The Trung Sisters are two legendary heroines of Vietnam who fought to liberate the country from centuries of Chinese rule. Trung Trac and Trung Nhi were their names.

Each year in Phan Rang, a small seaside town in South Central Vietnam, a parade is held in observance of the Trung Sisters. The local high school is called upon to select the two prettiest girls to play the Sisters. It is a high honor to be chosen, and equally high is the speculation on who would play each sister. Of course, everyone knew who would play Trung Trac this particular year. Nhung, was tall and beautiful and outspoken as well as the most popular girl in school. But who would play the youngest sister, Trung Nhi? There were so many young school girls that could fit the role. One thing was for certain. It had to be the prettiest girl in the school.Tuyet was a quiet, modest girl who held her head down when she walked. When asked by her schoolmates if she wanted to play Trung Nhi, she scoffed at the idea. She said “My father would be so angry if I took time out of my chores and schoolwork to be in a parade.”

She was chosen to play Trung Nhi.

Playing Trung Nhi in the annual parade was truly an honor for any young girl, but for Tuyet, it was an honor that came with a few problems. For one, she was a modest high school girl that tried very hard not to bring attention to herself. So, playing one of the Trung sisters in an annual parade celebrating the Trung sisters is definitely the last thing one should do. The other problem was each parade participant was expected to pose for pictures and each was responsible for paying the photographer as well. Since Tuyet was one half of the Trung Sisters, she simply could not opt out of posing for photos, as this would surely anger Nhung, who would be playing Trung Trac. Tuyet’s additional dilemna was she could not ask her father for the money as this would surely anger him, because everything angered him. So Tuyet decided not to tell her family about the parade and Nhung agreed to pay for the photographer, but this would mean Nhung would keep all the photos. Tuyet was willing to live with this. In fact, the less evidence of this day, the better, she thought.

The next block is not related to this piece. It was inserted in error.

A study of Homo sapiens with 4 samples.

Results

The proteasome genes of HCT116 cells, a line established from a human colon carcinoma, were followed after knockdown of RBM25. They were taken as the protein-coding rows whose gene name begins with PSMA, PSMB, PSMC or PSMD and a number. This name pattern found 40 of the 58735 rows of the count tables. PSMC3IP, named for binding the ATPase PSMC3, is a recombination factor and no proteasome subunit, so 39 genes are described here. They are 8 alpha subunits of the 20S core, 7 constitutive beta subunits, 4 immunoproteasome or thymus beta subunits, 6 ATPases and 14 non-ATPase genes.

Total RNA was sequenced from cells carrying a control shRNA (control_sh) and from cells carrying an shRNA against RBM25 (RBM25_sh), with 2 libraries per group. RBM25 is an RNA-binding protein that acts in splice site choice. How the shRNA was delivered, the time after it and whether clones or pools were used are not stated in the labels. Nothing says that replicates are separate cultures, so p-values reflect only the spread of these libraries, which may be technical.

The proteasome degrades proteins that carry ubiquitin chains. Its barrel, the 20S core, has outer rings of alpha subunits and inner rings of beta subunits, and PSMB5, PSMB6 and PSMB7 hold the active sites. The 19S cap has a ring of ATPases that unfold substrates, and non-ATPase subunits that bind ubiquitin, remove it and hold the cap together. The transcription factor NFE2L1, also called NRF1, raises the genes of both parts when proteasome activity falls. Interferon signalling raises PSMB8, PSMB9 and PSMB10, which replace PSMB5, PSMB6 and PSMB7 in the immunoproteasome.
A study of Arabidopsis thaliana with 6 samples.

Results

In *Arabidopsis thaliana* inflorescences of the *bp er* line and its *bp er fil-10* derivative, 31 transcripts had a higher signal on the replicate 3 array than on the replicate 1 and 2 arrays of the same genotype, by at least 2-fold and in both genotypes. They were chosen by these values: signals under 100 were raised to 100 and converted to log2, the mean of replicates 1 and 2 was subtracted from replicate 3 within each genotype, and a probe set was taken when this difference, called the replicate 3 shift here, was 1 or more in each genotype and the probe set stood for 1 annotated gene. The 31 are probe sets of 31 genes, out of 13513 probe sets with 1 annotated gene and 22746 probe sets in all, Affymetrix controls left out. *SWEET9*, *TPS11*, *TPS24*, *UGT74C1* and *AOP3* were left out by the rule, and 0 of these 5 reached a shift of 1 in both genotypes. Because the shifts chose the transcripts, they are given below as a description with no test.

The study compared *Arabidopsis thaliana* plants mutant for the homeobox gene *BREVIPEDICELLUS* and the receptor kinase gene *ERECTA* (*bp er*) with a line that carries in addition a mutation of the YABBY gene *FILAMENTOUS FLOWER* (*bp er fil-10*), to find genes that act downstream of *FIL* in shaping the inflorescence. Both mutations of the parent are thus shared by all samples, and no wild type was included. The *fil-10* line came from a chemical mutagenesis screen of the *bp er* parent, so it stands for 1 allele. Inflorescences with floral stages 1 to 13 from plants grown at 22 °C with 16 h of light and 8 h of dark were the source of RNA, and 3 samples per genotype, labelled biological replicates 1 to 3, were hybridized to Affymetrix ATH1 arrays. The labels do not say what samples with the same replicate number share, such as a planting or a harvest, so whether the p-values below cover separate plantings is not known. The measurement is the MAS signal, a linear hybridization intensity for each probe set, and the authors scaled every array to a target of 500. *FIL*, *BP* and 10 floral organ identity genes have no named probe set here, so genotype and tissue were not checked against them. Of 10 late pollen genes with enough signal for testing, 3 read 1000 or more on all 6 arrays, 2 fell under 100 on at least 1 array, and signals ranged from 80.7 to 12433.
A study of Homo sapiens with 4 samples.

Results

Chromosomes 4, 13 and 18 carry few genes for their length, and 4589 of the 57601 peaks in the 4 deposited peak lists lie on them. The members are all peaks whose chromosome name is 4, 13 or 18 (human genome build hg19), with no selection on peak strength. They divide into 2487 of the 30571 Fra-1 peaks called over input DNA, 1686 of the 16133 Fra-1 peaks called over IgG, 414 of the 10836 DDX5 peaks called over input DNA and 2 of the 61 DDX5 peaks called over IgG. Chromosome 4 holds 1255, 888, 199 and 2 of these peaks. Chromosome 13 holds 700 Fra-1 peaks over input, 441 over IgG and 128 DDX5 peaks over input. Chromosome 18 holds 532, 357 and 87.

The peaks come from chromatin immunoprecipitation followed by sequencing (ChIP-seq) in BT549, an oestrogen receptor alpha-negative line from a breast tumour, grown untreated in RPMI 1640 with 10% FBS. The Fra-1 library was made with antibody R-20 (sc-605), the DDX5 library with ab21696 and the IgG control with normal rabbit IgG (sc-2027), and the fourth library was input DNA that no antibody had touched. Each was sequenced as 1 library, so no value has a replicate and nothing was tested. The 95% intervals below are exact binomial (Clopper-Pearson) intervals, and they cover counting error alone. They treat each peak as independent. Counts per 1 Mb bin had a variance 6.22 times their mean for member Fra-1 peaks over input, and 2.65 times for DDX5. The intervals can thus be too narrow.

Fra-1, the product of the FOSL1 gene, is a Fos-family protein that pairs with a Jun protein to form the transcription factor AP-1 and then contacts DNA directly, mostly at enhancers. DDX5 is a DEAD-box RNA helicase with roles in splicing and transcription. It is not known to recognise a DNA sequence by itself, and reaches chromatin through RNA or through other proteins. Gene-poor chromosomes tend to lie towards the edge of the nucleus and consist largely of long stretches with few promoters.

On the day of the parade, Nhung and Tuyet made their entrance as the Trung Sisters, wearing bright colorful dresses and hats and wielding fake swords. Since the parade committee was not able to locate any elephants in time, they had to ride in on horses instead. This boded well for Tuyet, as horses would draw less attention to her than elephants. When the parade came to an end, Tuyet drew a sigh of relief thinking this day was nearly over for her. Then she saw her sister in the crowd jumping and cheering for her. Standing next to her sister was her father. Who was not cheering. She held her head down and walked slowly to her father. And when she finished the longest walk of her life, she heard him say “Look up.” She did. “You were the most beautiful girl in the parade.”

All my life I had never known this story about Tuyet. Not even when I wrote my play RED FLAMBOYANT which focuses on the legend of the Trung Sisters. I’m not sure if it was fate or sheer coincidence that brought the both of us to the Trung Sisters, but I am sure of one thing: Even though I wasn’t there, I know Tuyet was the prettiest girl in the parade because Tuyet is my mom.